Barriers created by Brexit along with changes in supply chains and storage strategy are driving Irish companies to consider warehousing options on the mainland, according to a report produced by Model Logistics in collaboration with the UK Warehousing Association.
This was the timely context for the UKWA Warehousing Showcase held last week in Belfast, where Irish delegates heard from Paul Johnson of Model Logistics about the benefits of holding stock closer to customers and the different options available to them.
The event opened with Jarlath Sweeney, Director of Fleet Publications, who welcomed UKWA CEO Clare Bottle and the prospect of closer ties between UKWA and businesses in Ireland.
New initiative on sustainability
Simon McKeever of Irish Exporters Association spoke about the increasing importance of sustainability as a strategic priority but said that the warehousing and logistics industry was ‘behind the curve’. “Sustainability encompasses human rights and a decent working environment as well clean, affordable energy and a commitment to addressing climate change,” he explained. “While economic, social and environmental considerations are key to a sustainable framework for businesses, the challenge is to find the balance between the three.”
Simon said that drivers for change include climate change, consumer demand, the need for legal compliance, pressure from investors, suppliers and employees, as well as brand reputation. He added that research indicates that consumers are prepared to pay between 2-10% more for services or goods from ethical companies with prominent ESG (Environmental, Social and Corporate Governance) credentials. With that, he announced the imminent launch of the Institute of Sustainable Trade, a new initiative by the Irish Exporters Association to support Irish businesses on their journey to sustainability.
Ruth Edwards, Operations Director at Talent in Logistics shared her latest research on Employee Engagement, first presented at UKWA’s National Conference in March. She alluded to an aging population, Brexit and poor industry image as barriers to recruitment, with 54% of logistics businesses expecting to see severe worker and skills shortages by 2024.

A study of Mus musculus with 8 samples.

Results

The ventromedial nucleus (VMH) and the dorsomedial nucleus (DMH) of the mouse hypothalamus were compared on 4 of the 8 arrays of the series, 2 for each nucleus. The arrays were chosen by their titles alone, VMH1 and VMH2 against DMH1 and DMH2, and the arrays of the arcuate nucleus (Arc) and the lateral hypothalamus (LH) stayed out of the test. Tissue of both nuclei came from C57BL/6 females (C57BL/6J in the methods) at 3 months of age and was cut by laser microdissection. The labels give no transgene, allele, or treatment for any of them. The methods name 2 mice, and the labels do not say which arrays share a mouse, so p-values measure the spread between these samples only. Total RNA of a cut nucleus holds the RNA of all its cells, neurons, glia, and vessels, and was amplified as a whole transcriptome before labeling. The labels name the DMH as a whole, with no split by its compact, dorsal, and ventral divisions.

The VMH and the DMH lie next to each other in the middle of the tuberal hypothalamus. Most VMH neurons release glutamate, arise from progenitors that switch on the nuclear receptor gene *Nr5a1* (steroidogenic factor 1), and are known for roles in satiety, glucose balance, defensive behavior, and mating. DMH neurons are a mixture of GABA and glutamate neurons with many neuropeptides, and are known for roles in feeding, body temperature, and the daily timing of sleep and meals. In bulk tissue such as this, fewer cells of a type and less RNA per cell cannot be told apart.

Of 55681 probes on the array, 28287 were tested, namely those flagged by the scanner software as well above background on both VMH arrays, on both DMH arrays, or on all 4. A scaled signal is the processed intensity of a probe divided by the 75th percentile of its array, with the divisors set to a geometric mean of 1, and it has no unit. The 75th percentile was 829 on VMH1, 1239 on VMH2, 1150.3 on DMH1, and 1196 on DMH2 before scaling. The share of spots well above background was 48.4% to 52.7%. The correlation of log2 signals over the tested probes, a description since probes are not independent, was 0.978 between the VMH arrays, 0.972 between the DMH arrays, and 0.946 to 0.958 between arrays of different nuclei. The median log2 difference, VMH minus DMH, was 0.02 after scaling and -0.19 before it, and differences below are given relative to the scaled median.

Her research, undertaken with UKMHA, surveyed attitudes of 11,000 forklift operators in an attempt to understand what attracted workers to an employer and what motivated them to stay. “People create business value – so employee engagement is a massive differentiator in times of change and is essential to future talent pipelines,” she said.
Respondents confirmed that while pay was important, it was by no means the only factor in attracting and retaining employees. The survey showed that diversity and inclusion, trusted managers, and a better work/life balance were all more highly valued than a 5% pay rise. Training in particular was viewed as vital by younger workers, with 94% wanting to progress their careers.
Ruth concluded, “The cost of recruitment, onboarding and training is high – between £10-30K, depending on job function – so that engaging with employees, ensuring they feel valued, included and motivated simply makes sense!”
Property near people and power
Following Paul Johnson’s presentation of Enterprise Ireland’s report on the options for Irish businesses to find warehousing in Great Britain, the event closed with a Q&A session focusing on property issues in Ireland with experts Nigel Healy of JLL and Frazer Hood of McConnells in the hot seat.
Topics ranged from land values (significantly less in Northern Ireland than in the South or Great Britain) and the impact on size of buildings and rental values, to frustration with planning and ‘land banking’ by big companies, which is pushing prices up.
Nigel observed that developers must ‘tick the ESG box’ in order to attract funding, and have a tenant as well as an investor lined up before proceeding, otherwise construction costs go up. Frazer noted that in the North, the planning process was particularly slow moving and routinely took 12 months to two years.
Shortage of labour and the importance of proximity to power were seen as challenges common to Ireland and Great Britain, along with extraordinarily low vacancy rates – currently 2-3%.
There is a degree of speculative build, they said, with Nigel remarking that there are more ‘big box’ projects underway than he’d seen throughout his career.
The discussion ended with a look to the future, and acknowledgement that costs of solar power and EV are coming down. Frazer said that EPV charging points were to be set up across Northern Ireland. Both envisaged building styles changing to accommodate flexible working, with bigger social spaces and higher quality working environments.
Nigel concluded, “The economy is stable and people over here are problem solvers – we are set fair to go forward. We need to understand what occupiers really want, and we thank UKWA for creating an environment where stakeholders can have these conversations.”
Commenting on the event, Clare Bottle said, “This is our first event in Ireland, and we will certainly be back again next year. It was great to hear perspectives from a different part of the UK, with everyone enjoying discussions around the different challenges and opportunities, as well as networking with industry colleagues. I’d like to thank Jarlath for the warm welcome we received, and our expert speakers for enabling us to share their knowledge and experience, helping foster closer links with our colleagues in Ireland.”